Looking at buying new and off the plan
If you’re thinking about buying a new home, you might have considered purchasing one that doesn’t actually exist yet. Building activity has picked up a lot in recent years, and there are new housing developments around the country offering buyers a selection of newly built homes.
But what are the pros and cons of buying a house “off the plans”? Here are a few things to think about.
It can sometimes be easier to get a mortgage on a house that is under construction because the loan-to-value rules do not apply. Banks do not have the same restrictions on the amount of lending they can advance to people with a smaller deposit – provided those borrowers are buying homes that are still being built, or are being purchased from the developer within six months of completion. You can also get a bigger First Home Grant if you qualify for this – click here to learn more.
Make it yours
When a house is still being constructed, you have an opportunity to tweak the design to fit your needs. You can choose the colours you want it painted and the curtains and carpets, and sometimes you can also change the layout.
While you usually have to choose your options from the builders selection to stay within the quoted price (other choices may be available at an additional cost), buying off the plan still allows you a good degree of customisation. It can be a great feeling to walk into a house that is exactly as you wanted it, knowing that you’re the first people to live there.
One of the biggest headaches for people who are buying a new property is that the time it takes to build can increase a lot. We saw this when Covid-19 interrupted supply chains and created delays for many builders. While a typical build could take about six or nine months, it’s not uncommon to have to wait longer than that. You’ll need to have a backup plan for how you would cope with delays – it helps if you have somewhere you can live rent-free in the meantime.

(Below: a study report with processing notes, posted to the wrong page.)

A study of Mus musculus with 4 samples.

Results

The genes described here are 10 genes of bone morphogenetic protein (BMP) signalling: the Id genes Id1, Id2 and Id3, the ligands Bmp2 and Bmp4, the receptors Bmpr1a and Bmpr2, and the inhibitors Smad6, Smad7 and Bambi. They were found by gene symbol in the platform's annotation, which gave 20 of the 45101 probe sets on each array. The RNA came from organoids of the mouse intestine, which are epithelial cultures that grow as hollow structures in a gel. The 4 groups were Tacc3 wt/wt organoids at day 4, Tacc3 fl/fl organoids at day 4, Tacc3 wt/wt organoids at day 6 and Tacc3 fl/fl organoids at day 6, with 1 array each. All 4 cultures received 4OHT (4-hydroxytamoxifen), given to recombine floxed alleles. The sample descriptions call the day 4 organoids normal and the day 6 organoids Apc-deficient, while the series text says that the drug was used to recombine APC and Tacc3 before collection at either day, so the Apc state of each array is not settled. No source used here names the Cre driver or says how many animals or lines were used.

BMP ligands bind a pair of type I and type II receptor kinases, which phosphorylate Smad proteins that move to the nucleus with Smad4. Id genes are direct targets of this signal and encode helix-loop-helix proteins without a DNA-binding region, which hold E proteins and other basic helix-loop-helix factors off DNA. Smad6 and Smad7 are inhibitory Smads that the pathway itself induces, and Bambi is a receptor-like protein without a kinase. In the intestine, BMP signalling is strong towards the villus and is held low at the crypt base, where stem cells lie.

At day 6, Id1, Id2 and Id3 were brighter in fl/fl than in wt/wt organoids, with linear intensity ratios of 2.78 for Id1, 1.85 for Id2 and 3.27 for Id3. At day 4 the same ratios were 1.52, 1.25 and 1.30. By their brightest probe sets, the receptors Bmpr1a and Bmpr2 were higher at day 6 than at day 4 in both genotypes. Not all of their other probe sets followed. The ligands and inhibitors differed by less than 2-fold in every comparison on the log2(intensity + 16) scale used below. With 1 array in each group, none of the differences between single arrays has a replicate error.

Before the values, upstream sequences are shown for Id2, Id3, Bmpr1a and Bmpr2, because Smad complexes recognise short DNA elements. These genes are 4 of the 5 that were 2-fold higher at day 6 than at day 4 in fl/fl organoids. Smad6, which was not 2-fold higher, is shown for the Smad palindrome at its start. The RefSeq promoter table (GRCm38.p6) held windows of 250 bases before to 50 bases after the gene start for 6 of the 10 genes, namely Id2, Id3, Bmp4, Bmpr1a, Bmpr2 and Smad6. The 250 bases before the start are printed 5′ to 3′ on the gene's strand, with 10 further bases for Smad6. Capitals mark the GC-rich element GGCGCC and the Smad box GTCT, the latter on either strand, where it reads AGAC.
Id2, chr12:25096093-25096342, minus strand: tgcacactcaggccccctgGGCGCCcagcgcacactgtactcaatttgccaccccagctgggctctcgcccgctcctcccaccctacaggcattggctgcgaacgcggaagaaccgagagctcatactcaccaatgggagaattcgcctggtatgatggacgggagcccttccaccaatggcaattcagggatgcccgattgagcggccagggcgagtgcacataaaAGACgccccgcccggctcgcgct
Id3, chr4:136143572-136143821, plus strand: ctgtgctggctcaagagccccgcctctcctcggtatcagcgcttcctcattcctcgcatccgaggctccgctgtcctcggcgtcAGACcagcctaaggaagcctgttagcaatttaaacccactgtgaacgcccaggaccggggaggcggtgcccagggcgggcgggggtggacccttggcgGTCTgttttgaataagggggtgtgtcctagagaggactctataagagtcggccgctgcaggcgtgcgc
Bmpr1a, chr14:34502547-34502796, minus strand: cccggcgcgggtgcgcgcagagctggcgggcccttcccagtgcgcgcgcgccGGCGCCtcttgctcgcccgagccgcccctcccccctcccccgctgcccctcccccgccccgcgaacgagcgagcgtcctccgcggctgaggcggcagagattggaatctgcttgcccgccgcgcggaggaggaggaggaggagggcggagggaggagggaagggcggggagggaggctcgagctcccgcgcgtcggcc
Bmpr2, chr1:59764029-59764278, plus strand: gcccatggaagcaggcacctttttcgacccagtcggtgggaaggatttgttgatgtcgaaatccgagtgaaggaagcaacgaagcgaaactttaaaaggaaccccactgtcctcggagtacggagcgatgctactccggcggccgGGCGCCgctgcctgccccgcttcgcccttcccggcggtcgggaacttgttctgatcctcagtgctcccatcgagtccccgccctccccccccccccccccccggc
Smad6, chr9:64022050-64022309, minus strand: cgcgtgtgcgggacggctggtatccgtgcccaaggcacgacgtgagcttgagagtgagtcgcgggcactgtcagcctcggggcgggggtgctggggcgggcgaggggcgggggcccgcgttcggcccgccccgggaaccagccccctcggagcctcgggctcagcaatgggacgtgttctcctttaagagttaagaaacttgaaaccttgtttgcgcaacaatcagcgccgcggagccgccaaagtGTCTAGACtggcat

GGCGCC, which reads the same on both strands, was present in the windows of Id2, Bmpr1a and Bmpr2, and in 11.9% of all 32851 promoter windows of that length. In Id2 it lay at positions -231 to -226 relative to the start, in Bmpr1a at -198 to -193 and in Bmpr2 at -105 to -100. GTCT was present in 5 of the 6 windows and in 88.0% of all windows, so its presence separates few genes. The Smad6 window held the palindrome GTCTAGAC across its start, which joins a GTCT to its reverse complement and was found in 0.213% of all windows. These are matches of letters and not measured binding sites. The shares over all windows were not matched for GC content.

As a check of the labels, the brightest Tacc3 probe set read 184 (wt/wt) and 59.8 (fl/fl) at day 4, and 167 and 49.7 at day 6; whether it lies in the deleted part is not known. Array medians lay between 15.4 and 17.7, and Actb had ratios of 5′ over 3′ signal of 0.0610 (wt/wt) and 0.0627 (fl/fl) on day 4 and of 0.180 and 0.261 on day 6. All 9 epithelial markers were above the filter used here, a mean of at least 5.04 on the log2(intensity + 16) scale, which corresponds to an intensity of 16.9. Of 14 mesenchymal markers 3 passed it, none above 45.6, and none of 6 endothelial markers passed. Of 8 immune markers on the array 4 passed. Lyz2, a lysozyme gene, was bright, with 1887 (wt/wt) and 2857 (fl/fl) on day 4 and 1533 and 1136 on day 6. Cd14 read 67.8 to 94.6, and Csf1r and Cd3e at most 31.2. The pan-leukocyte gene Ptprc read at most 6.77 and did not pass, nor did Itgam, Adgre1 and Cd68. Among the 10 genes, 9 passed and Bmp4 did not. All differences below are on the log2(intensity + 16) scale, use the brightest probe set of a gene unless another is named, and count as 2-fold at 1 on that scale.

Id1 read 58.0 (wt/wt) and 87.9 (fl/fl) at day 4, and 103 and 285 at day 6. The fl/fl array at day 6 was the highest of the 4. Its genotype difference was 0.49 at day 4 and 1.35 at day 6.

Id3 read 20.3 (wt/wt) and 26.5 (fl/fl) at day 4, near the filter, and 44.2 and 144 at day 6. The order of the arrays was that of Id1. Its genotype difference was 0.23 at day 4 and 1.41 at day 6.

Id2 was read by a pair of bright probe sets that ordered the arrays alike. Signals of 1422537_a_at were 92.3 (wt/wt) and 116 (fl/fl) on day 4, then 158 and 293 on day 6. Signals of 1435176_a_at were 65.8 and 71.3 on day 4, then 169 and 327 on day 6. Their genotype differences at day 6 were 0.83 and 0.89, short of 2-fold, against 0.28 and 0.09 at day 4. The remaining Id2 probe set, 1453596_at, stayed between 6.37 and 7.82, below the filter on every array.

You might have seen media reports of people who have had their new-build contracts cancelled because of a sunset clause. These clauses are designed as protection if a project takes longer than expected. Depending on how they are structured, they can either give the buyer or both the buyer and the developer the ability to back out if things have not progressed sufficiently by a certain point. It’s important to talk to your lawyer about any agreement you sign so you fully understand how these sorts of clauses could apply.
Increases in construction costs
Sometimes, the cost of building increases in a way that the builder or developer cannot control. Some contracts give them the right to pass on a certain amount of this increase, and some do not. It’s important to understand how yours works and what increases beyond the price you’ve agreed upon you might face. If the developer does not have the ability to pass on construction cost increases, that can mean it’s harder for them to finish the project.
Check out the developer
Do a background check on any developer or builder you are thinking about signing up with. A simple Google search should show you the projects they’ve been involved in, in the past. Commercial credit bureau CreditWorks recently launched CheckMate, a tool that allows people to run a credit check on any companies they are considering working with.
Like to talk?
Signing up for a new build can be an exciting time. We can help you get your finance sorted so that you are free to focus on the construction of your dream home.
Give us a call today.
Disclaimer: Please note that the content provided in this article is intended as an overview and as general information only. While care is taken to ensure accuracy and reliability, the information provided is subject to continuous change and may not reflect current development or address your situation. Before making any decisions based on the information provided in this article, please use your discretion and seek independent guidance.